SummerStage, New York City’s largest free performing arts festival, is coming to three Queens parks this summer to provide residents with free music, poetry and fun for kids.
The first concert will take place on June 26 at Flushing Meadows Corona Park. R&B singer Ginuwine, a multi-platinum artist who became popular in the late ’90s and early 2000s, will headline the Only in Queens Summer Festival along with singer Mack Wilds and ’90s hip-hop group Kid ‘N Play. The festival will begin at 5 p.m.
Socrates Sculpture Park will host several talented opera singers at the Metropolitan Opera Summer Recital Series featuring soprano Michelle Bradley, tenor Kang Wang, and baritone Yunpeng Wang. The concert will take place on July 11 at 7 p.m.
Musicians, dancers and poets will take over Queensbridge Park in Long Island City for five days starting July 26 at 7 p.m. Hip-hop groups Black Moon and Smif-N-Wessun will perform hits from their debut albums Enta Da Stage and Dah Shinin, respectively.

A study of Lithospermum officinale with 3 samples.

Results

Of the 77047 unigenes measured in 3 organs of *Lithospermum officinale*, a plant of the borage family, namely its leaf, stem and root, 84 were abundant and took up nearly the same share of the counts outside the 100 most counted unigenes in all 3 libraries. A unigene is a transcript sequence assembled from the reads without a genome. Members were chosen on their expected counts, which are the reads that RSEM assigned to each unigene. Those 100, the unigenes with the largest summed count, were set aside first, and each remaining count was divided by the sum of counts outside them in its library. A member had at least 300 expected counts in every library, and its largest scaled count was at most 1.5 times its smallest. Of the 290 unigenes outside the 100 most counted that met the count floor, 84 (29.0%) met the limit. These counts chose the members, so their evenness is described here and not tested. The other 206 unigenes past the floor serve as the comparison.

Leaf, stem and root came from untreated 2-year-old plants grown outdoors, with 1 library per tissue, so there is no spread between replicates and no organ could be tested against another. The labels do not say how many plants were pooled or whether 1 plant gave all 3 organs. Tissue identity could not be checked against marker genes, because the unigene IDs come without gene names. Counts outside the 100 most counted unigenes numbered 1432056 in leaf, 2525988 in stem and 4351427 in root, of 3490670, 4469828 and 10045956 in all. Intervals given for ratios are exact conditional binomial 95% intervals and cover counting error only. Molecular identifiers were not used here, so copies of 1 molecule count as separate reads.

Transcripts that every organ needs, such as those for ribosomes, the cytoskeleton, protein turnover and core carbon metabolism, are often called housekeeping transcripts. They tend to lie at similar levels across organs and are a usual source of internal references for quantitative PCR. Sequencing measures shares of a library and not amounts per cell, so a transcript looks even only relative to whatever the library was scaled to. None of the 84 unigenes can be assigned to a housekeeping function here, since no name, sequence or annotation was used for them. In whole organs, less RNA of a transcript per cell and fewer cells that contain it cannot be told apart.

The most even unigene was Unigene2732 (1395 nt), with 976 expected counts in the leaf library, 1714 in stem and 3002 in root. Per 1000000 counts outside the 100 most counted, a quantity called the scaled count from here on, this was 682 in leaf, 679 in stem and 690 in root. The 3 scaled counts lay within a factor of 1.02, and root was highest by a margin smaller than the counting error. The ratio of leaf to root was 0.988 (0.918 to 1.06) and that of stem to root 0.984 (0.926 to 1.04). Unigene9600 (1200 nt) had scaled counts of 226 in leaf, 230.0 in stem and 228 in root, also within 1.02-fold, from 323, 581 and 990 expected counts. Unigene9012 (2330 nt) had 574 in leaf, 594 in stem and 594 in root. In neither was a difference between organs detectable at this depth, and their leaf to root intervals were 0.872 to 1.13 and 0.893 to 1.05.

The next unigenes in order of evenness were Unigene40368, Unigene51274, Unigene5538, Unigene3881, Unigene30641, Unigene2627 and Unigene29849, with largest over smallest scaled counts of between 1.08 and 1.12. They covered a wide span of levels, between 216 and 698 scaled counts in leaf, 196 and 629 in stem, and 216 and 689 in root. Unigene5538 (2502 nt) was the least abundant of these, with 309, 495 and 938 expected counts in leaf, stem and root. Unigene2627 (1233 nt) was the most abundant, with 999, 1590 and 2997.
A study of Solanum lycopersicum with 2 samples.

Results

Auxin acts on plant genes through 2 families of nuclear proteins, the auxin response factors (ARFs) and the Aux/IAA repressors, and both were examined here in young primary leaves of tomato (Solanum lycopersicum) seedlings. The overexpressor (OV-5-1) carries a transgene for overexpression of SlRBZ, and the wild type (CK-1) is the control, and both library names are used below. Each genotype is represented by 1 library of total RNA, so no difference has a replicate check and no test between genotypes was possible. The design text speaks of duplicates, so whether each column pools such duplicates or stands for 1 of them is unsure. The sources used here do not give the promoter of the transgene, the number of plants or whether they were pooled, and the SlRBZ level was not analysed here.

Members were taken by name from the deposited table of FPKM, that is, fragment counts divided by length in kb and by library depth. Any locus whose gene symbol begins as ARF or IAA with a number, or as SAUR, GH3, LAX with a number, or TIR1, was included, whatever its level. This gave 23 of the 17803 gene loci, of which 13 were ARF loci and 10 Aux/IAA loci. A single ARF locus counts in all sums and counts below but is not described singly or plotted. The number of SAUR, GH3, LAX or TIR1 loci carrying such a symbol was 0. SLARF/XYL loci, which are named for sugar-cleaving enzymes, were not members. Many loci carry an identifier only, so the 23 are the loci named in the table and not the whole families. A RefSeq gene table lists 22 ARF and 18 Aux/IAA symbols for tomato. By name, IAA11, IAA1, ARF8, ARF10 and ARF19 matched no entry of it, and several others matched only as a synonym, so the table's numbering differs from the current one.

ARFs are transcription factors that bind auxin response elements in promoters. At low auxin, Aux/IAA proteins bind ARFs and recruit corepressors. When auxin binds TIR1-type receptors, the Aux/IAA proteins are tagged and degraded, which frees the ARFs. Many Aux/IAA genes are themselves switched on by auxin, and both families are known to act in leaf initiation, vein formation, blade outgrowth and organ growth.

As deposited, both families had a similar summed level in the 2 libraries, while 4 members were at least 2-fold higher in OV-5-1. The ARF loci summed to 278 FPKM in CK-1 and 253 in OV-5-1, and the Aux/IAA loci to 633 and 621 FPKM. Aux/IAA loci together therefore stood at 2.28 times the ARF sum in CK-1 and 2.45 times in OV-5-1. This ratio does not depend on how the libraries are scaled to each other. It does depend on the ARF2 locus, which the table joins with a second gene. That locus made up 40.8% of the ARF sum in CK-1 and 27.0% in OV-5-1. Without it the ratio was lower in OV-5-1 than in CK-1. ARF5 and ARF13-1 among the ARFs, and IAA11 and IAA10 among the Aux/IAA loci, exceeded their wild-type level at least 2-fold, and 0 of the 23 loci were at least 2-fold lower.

On July 27, jazz vocalist and Grammy-award winner Dianne Reeves will perform a free show along with DJ Greg Caz, who has been spinning in venues around New York and the world since the ’90s.
R&B and soul singer Lyfe Jennings will take the stage on July 28 at 7 p.m. to sing hits from his sixth album “Tree of Lyfe.”
Former Queens Poet Laureates Paulo Javier and Maria Lisella will recite poetry on July 29 as part of the Nuyorican Poets Cafe starting at 7 p.m.
Choreographer Stefanie Batten Bland will put on a performance along with jazz band Burnt Sugar the Arkestra Chamber on July 30. Karisma Jay, a graduate of Fiorello H. LaGuardia High School and New York University, will teach a master class to attendees as well.
Children will be treated to a WBGO Kids Jazz concert featuring Brianna Thomas and The Jazz Travelers who will take kids on a musical journey through the history of jazz in America.
“The SummerStage festival celebrates the rich cultural fabric of New York City,” said Erika Elliott, executive artistic director of City Parks Foundation. “This year, we’ll celebrate the 100th anniversary of jazz, with both emerging and master musicians, who will highlight the long legacy jazz has in the city and its continued impact on New Yorkers.”